The diplomatic red carpet rarely extends as far as Muscatine, Iowa, an industrious town of 23,000 on the banks of the Mississippi. But it did this week for Chinese Vice President Xi Jinping, who paid a return visit to the town where in 1985 as a provincial official he led a trade mission to learn more about American farming practices.
Xi appears to be the heir apparent as leader of China, which is why he was given star treatment in Washington, D.C. with visits with President Obama, Vice President Joe Biden and Secretary of State Hilary Clinton.
But in Muscatine, the visit was described by the mayor as a reunion of old friends.
Xi stayed two nights in the small Iowa town a quarter century ago, sleeping on the floor of a local boy's bedroom festooned with Star Trek figurines. Eleanor Dvorchak, Xi's host and breakfast companion in 1985, now lives in Florida. She flew back to Muscatine for Xi's return trip, bringing with her a copy of "Obama on the Couch" with an inscription she had written in Chinese.
Other Muscatine residents recalled the 1985 visit exuded an exotic quality because China was just emerging from its international shell. Then, as now, most Muscatine residents were white. Just a handful of Asian Americans live there. The visit this week had a different complexion as U.S.-Chinese relations have grown and at times clashed.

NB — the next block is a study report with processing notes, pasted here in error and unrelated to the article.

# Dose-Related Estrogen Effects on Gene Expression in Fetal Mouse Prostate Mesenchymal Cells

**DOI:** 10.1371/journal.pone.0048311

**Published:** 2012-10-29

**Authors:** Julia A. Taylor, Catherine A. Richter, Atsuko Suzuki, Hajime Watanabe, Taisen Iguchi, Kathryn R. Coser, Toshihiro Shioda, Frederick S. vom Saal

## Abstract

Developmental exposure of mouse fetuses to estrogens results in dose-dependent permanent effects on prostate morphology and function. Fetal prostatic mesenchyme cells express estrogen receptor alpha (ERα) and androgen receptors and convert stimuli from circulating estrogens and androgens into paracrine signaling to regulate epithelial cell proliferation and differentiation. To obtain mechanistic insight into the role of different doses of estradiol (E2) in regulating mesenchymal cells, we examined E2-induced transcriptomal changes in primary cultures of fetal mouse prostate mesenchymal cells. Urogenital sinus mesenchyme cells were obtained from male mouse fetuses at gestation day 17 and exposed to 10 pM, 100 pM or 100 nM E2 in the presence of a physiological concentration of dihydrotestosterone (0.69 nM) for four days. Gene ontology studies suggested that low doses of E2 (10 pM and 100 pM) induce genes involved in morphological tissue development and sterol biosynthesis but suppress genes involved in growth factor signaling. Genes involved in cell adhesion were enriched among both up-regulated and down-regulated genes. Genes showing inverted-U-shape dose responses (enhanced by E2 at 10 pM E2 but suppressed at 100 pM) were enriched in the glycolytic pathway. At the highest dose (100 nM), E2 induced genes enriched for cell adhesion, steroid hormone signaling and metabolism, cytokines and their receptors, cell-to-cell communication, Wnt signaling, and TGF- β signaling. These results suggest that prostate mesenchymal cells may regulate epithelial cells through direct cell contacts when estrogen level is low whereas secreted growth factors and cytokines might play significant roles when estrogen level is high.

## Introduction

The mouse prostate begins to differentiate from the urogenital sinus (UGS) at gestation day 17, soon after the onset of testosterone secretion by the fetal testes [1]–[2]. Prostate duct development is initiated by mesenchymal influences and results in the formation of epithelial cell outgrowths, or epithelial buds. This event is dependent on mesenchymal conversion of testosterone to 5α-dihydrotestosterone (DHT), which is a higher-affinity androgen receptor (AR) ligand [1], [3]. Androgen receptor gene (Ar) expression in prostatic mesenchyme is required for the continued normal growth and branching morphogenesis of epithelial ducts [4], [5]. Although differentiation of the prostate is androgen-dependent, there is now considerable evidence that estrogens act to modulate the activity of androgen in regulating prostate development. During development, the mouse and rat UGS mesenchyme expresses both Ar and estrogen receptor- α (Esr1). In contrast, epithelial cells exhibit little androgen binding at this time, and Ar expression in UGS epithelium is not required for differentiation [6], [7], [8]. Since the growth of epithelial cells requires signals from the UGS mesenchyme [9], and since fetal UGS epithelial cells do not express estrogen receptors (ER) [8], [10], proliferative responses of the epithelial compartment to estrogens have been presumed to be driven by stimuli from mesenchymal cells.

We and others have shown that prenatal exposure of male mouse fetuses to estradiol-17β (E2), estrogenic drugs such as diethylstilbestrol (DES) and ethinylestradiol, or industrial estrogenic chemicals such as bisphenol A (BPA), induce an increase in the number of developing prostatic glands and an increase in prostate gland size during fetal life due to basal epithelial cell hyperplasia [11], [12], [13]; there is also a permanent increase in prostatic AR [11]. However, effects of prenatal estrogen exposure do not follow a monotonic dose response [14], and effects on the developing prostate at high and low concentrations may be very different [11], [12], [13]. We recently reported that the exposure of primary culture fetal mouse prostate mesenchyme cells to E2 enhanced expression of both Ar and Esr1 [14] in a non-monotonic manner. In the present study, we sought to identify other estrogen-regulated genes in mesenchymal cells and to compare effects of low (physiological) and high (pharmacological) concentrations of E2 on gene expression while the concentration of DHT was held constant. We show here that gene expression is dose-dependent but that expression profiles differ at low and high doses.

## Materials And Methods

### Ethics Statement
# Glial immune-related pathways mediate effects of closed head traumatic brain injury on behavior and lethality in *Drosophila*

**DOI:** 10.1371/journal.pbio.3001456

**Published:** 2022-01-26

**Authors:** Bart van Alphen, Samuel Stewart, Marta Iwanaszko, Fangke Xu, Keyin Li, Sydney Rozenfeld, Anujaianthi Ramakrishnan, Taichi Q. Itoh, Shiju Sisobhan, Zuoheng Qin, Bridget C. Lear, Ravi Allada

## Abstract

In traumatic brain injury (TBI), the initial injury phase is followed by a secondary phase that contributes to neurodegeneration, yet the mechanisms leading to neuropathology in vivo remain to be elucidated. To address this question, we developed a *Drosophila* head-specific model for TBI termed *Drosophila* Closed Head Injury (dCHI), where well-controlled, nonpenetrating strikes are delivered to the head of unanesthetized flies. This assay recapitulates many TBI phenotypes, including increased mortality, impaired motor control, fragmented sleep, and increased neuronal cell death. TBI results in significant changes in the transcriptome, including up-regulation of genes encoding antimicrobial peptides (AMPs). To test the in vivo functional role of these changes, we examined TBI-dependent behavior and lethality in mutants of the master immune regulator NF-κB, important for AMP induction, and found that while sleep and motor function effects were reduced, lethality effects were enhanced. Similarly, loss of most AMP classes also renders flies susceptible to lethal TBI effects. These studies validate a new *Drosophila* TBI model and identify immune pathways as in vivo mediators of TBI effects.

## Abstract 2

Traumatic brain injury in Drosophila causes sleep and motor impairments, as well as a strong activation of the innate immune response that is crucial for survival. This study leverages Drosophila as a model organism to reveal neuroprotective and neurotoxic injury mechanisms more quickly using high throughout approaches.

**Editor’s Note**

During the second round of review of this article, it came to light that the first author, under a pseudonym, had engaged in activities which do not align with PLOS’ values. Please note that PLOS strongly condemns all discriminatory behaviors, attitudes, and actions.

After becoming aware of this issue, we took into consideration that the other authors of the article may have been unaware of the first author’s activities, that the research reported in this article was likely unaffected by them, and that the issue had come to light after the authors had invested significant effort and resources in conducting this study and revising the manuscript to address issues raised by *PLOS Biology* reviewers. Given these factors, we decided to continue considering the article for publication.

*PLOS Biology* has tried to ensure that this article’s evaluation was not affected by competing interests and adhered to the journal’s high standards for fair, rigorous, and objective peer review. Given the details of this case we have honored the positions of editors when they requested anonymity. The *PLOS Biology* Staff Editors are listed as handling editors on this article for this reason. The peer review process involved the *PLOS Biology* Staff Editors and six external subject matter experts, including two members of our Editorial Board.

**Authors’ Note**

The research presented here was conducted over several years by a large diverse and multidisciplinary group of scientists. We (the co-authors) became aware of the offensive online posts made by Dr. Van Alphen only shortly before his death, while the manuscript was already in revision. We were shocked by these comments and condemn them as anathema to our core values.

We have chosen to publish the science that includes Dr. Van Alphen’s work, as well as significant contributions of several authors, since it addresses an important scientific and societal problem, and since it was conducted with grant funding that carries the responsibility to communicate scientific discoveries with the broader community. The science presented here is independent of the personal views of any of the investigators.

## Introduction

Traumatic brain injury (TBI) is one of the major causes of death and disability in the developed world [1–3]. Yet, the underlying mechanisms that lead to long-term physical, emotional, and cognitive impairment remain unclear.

The U.S. visit by Xi carried significance for both countries. It was an opportunity for U.S. officials to take stock of China's new leader and emphasize their concerns that include human rights violations, intellectual property theft and currency valuation.
For Xi and the Chinese, the trip was an opportunity to underscore the importance they place on relations with the United States. With the subtlety of the Chinese, the reunion in Iowa was a gentle reminder that the fate of the two nations lies in building lasting ties among their peoples.
As Xi told the U.S.-China Business Council, cooperation between the world's two economic giants is on a "course that cannot be stopped or reversed."
In a telling footnote to Xi's trip, GOP presidential candidate Mitt Romney pledged in an op-ed published by the Wall Street Journal to confront China as a "currency manipulator" and "prosperous tyranny" on his first day in the White House.
Romney's pugnacious stance took shrapnel from Jon Huntsman, the former U.S. ambassador to China under President Obama, who dropped out as a Republican presidential candidate and endorsed Romney.
"When it comes to China, I think it's wrongheaded about slapping a tariff on day one." Huntsman said. "That pushes aside the reality, the complexity of the relationship."
That complexity is reflected in Muscatine. Mayor DeWayne Hopkins says Xi is the only person in his hometown's history to receive two keys to the city. Hopkins said Muscatine stopped handing out keys to the city to dignitaries some time ago, but he thought Xi's visit was worth reviving the practice one last time.